India is being offered by the US to jointly develop and produce military helicopters as well as infantry combat vehicles under the Defense Technology and Trade Initiative (DTTI).
The two projects would be discussed threadbare in the following DTTI meeting probably in February that is after the Donald Trump administration takes over in the US on January 20, top government official was quoted as saying by Times of India today.
India is already keen in the US offer for participation in its $8 billion worth “future vertical-lift (FVL) aircraft” program that includes development of five different helicopters over the next 15 years.
The US has also suggested that the future infantry combat vehicle (FICV) project can be a trilateral venture with the inclusion of Israel.
India has not yet reached to any decision about this proposal since it is occupied with finalizing its own Rs 60,000-crore (US$8.8 billion) FICV project, with two private sector players and the Ordnance Factory Board (OFB) in the reckoning for prototype development.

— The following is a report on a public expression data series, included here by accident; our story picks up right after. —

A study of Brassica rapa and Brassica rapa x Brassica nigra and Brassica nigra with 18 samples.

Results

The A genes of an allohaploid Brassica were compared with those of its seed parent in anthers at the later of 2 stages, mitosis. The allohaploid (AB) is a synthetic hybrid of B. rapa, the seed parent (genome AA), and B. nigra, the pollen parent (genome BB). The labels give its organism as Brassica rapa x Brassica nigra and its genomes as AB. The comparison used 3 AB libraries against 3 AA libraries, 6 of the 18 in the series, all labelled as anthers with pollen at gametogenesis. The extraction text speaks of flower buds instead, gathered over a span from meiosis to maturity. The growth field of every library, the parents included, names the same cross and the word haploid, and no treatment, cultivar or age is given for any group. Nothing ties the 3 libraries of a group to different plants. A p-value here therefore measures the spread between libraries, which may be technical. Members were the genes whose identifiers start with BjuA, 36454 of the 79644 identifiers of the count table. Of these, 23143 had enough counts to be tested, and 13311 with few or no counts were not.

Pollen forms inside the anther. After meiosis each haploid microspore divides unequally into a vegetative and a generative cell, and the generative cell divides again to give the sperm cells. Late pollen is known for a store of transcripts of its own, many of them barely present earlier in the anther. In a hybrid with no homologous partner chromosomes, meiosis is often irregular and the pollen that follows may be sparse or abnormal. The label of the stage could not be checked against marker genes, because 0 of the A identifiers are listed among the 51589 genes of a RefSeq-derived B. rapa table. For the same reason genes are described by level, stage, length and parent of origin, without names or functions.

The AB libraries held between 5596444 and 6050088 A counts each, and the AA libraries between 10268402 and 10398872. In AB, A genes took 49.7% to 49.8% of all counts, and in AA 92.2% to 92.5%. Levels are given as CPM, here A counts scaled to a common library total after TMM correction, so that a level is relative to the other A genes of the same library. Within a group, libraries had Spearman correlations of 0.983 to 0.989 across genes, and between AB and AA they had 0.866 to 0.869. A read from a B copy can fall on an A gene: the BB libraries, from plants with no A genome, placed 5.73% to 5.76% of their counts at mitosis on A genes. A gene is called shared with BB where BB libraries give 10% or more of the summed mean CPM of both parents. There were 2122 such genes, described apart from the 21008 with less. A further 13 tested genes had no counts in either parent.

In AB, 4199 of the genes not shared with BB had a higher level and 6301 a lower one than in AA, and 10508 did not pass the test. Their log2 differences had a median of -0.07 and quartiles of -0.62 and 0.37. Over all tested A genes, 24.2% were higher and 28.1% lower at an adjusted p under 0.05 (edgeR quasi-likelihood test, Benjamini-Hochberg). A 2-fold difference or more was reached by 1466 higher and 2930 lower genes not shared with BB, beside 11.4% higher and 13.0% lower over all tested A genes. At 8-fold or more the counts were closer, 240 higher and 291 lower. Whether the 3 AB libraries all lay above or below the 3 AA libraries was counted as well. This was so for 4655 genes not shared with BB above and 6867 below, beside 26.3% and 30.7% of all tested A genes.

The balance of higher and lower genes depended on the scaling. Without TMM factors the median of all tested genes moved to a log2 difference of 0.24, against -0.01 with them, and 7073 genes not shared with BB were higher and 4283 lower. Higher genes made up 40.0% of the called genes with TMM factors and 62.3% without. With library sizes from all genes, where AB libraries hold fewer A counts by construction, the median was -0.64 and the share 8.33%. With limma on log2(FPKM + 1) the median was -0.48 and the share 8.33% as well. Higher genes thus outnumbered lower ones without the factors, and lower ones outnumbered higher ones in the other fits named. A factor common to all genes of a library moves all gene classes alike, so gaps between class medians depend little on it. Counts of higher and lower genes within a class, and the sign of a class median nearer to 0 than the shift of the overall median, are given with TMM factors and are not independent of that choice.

Since US has now officially designated India as a “major defence partner” at par with its closest allies to facilitate the transfer of advanced technology, the two new projects seem to be ambitious.
There are chances that India is unlikely to move ahead for the five types of helicopters, which range from light-weight to heavy-lift ones.
India and Russia, for instance, have already finalized the production of 200 Kamov-226T light-utility helicopters worth $1 billion, while Hindustan Aeronautics Ltd. is also independently tasked to develop 187 similar choppers.
India has also signed $3.1 billion deal with the US for 22 Apache attack and 15 Chinook heavy-lift helicopters that are slated for delivery in 2019-2020.
Nevertheless, the Indian armed forces are seeking about 1,200 helicopters of different types over the next 15-20 years to replace their ageing fleets at an estimated cost of over Rs 1.5 lakh crore.
“We can choose the kind of helicopters that suit our interests. Moreover, one to two products are also being identified under each of the seven joint working groups under the DTTI,” an official said.
Further among the first four “pathfinder projects”, India has finalized two. One is mobile generators and another is protective ensemble worth $2 million.